Jeff Caplan’s Minute of News: The secret to easy hard boiled eggs
Apr 11, 2022, 4:00 PM
Editor’s note: This is an editorial piece. An editorial, like a news article, is based on fact but also shares opinions. The opinions expressed here are solely those of the author and are not associated with our newsroom.
SALT LAKE CITY — Sure, eggs are more expensive this year. But the chances are good that you’ll still probably boil a few, color a few, shell a few, and then eat them.
Imagine the boiling, coloring, shelling part – without that little nagging doubt about the eggs turning out “just right” and the possibility that you’d end up with a pock-marked mess on your hands (and most of the egg white in the trash?)
Well here’s some help from New York Times food science reporter J. Kenji Lopez Alt. She conducted the most exhaustive test in human history, to find out how to peel the egg so that the shell doesn’t crunch into a million tiny shards that you have to dig out of the poor egg white.
Alt paraded into the kitchen with 96 research assistants. They cooked, peeled, and tasted more than 700 eggs! They boiled and prepped these eggs in every way imaginable. And, junior scientists please note that it was a double-blind experiment. The gold standard.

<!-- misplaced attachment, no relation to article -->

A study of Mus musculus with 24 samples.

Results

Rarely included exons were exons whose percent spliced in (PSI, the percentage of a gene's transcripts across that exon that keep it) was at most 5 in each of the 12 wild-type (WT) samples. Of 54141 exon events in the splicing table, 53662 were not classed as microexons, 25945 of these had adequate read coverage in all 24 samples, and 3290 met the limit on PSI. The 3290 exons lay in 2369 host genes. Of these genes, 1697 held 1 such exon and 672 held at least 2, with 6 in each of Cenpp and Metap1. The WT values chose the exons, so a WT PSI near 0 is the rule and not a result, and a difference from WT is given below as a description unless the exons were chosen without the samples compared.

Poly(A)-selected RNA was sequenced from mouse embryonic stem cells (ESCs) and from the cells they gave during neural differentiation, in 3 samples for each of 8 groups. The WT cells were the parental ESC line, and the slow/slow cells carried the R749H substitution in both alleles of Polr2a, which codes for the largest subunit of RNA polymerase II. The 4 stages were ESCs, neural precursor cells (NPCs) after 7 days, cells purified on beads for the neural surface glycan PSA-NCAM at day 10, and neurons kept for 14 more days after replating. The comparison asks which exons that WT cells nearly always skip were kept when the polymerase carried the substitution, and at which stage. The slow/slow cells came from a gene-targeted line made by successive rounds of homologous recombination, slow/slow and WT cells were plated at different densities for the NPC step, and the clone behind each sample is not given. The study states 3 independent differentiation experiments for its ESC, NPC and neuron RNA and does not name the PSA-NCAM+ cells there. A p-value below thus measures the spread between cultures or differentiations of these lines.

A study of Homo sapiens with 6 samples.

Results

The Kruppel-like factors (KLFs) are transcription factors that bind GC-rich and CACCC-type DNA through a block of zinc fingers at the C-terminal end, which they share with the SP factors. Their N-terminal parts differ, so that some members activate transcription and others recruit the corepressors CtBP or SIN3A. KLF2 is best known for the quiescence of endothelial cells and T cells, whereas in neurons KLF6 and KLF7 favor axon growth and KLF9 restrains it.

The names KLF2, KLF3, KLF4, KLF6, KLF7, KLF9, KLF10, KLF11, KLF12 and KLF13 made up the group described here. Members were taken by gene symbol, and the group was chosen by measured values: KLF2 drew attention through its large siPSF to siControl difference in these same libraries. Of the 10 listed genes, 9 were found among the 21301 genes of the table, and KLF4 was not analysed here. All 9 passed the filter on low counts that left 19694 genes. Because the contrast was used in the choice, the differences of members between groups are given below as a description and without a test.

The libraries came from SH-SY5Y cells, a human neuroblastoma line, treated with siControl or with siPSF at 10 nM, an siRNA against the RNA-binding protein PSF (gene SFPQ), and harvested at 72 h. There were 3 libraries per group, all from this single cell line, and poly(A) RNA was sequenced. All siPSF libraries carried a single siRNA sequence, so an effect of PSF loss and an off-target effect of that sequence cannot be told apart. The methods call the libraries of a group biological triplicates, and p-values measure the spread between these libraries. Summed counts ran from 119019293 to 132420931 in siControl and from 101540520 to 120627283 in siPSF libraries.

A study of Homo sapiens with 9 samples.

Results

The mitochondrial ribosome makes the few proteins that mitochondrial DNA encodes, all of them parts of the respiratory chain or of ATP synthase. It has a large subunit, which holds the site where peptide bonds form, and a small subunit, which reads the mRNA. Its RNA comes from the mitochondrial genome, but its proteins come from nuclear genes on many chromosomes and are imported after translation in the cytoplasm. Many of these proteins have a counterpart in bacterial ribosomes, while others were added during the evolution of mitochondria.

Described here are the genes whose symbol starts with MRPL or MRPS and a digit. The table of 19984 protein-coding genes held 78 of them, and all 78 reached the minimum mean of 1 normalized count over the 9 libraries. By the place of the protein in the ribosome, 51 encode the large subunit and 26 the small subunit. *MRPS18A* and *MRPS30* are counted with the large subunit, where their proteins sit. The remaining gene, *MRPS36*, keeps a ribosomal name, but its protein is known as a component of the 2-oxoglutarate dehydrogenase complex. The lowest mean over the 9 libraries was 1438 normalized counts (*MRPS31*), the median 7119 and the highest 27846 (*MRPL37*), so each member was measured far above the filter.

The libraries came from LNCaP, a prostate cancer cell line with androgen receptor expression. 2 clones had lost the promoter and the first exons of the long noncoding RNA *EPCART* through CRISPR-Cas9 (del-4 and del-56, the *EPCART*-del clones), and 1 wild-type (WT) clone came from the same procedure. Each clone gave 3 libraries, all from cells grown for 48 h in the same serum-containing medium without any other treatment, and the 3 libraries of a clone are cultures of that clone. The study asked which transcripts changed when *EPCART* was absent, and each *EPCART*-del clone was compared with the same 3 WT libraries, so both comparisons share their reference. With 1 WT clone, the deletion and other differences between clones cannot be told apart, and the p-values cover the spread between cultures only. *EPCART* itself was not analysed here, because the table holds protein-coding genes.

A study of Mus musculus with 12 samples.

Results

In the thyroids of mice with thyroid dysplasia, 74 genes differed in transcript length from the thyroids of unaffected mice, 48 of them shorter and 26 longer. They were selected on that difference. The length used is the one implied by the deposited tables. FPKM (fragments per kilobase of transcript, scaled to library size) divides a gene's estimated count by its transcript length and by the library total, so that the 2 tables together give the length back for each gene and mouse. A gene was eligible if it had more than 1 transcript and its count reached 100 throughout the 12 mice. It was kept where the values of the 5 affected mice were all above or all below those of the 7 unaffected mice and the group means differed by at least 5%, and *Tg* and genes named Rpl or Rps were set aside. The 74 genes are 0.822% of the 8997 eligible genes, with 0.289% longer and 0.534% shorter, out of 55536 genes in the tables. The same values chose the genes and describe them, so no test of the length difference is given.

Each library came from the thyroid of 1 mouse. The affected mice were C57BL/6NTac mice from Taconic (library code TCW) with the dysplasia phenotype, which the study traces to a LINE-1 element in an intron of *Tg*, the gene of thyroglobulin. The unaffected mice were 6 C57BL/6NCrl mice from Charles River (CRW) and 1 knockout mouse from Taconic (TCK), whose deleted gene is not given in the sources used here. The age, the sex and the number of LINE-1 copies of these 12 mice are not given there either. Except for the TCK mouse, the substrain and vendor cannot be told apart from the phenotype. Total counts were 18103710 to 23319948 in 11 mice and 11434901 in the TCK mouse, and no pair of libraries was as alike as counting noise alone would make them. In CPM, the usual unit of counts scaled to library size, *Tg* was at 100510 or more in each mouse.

They discovered that the most important factor determining whether the egg peels perfectly is the temperature of the egg when you start cooking. If you start with a cold egg in cold water, the shell is nine times as likely to shatter when you peel it.
Adding vinegar, baking soda, or salt had no impact.
Pricking the tip of the egg with a pin was useless. Giving the egg an ice bath after boiling? Again useless.
Nope, these internet solutions were useless.
Instead, they found that the best way to get a cooperative shell is to use a room temperature egg, and steam it instead of boiling it. The shell comes off easiest that way, and the result is a less rubbery egg.
And a less frustrated egg eater. Am I right?